Coinfection with S. mansoni significantly increased viral replication and induced alterations in the T-cell subsets in monkeys with chronic, clinically stable SHIV clade C infection. From week 5 after S. mansoni exposure onward, coinfected animals shed parasite eggs in the stool, developed eosinophilia, and expressed mRNA of the Th2 cytokine IL-4 at significantly higher levels than animals without schistosomiasis. Compared to virus-only controls, viral replication was significantly increased in the coinfected monkeys. Although the spikes in plasma viral RNA were transient, they coincided with the acute stage of schistosomiasis, when Th2 responses are strongest. In contrast to virus-only controls, the percentage of CD4+ CD29+ memory T cells decreased in the coinfected group starting from week 5 after coinfection until the end of follow-up.
The results of the present study support our previous observation that parasite infection upregulates R5 SHIV clade C replication (15
). In the earlier pilot study, no parasite-free, virus-only control group was enrolled in parallel to the coinfected group. Data from the present prospective, controlled trial support the hypothesis that S. mansoni
infection and the ensuing establishment of the Th2-skewed cytokine milieu reactivate latent virus and may promote immunologic deterioration.
Previous studies have demonstrated that a decrease in the percentage of CD4+
memory T cells is an early sign of immune dysfunction and a prognostic parameter for the development of subsequent immunodeficiency (4
). In our primate studies (4
; unpublished data), depletion of CD4+
memory T cells preceded the loss of absolute numbers of CD4+
T cells by several months to years. Within the time of follow-up of the current two groups of monkeys, we did not observe significant changes in either absolute CD4+
T-cell counts or CD4+
The transient character of the viral reactivation could possibly be ascribed to the transient nature of schistosome infections in rhesus macaques. Although these animals are permissive hosts for schistosomiasis in that they allow establishment of patent infections, most monkeys clear the parasites following the acute phase of infection without treatment intervention (30
). In humans, where schistosome infections are more persistent, the elevation of plasma viremia may similarly be prolonged. From these data, we cannot predict whether persons with chronic schistosomiasis would similarly experience increased viral replication or if only persons who have acute schistosomiasis would be affected. However, the observation that coinfected persons who received early treatment for their schistosomiasis demonstrated significantly lower increases in viral loads and CD4+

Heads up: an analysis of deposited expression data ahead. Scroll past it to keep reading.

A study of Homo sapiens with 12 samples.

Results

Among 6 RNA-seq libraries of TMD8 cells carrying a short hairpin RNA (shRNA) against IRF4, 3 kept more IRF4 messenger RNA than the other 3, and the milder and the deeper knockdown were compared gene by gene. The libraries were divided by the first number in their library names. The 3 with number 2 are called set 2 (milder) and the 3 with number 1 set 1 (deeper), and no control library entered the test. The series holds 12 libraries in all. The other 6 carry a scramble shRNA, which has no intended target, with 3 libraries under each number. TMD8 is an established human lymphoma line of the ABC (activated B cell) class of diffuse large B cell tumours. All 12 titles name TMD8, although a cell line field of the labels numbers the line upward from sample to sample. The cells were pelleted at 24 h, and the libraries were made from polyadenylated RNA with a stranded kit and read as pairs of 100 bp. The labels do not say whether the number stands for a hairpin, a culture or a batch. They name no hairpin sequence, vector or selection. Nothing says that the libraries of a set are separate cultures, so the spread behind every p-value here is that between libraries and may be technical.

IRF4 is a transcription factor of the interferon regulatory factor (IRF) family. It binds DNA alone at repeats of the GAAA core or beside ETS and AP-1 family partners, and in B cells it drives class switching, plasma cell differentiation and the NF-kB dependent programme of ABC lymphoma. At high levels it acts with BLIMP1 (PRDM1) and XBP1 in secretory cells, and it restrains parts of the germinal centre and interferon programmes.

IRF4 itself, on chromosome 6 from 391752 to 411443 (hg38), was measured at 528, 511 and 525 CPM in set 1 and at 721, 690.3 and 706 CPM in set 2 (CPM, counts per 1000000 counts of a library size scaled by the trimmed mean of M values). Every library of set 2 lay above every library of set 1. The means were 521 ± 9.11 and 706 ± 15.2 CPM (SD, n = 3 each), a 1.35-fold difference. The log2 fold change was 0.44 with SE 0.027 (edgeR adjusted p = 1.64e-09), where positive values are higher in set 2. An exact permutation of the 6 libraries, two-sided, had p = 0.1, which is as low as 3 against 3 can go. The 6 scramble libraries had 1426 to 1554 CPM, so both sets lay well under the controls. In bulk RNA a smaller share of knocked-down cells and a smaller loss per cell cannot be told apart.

T-cell declines compared to persons whose treatment was delayed for as little as 3 months argues strongly that any schistosome infection in HIV-positive individuals promotes immunologic deterioration (24
Nonhuman primate studies, while imperfect models of human infection for schistosomes or immunodeficiency viruses, may provide important insights into disease progression and extend the ability to address questions that are difficult to evaluate in human populations. For example, our previous rhesus coinfection study (15
) showing that acute immunodeficiency virus replication is elevated in schistosome-infected monkeys and our present study showing reactivation of viral replication during the acute phase of schistosomiasis would be impossible to assess in humans. Another area in which the primate coinfection model may prove useful is the assessment of HIV-1 vaccine efficacy in the presence of helminths. The effects of schistosomiasis and other helminthic infections on the modulation of immune responses are well established (3
), and alterations in response to vaccination as a consequence of schistosome infection have been demonstrated (35
). It is likely that human field trials testing the efficacy of HIV candidate vaccines will take place in Africa and Asia, areas with a high incidence of HIV infections. However, potentially effective vaccines may show suboptimal results if such clinical trials are confounded by the immune activation and/or cytokine profiles that may be shifted by helminth infections that predominate in the developing world. Well-planned studies utilizing the nonhuman primate model for parasite-immunodeficiency virus coinfection as described here, in which pathogens, timing, route, and dose can be controlled, may yield critical adjunctive information for the successful implementation of HIV-1 and other vaccination programs.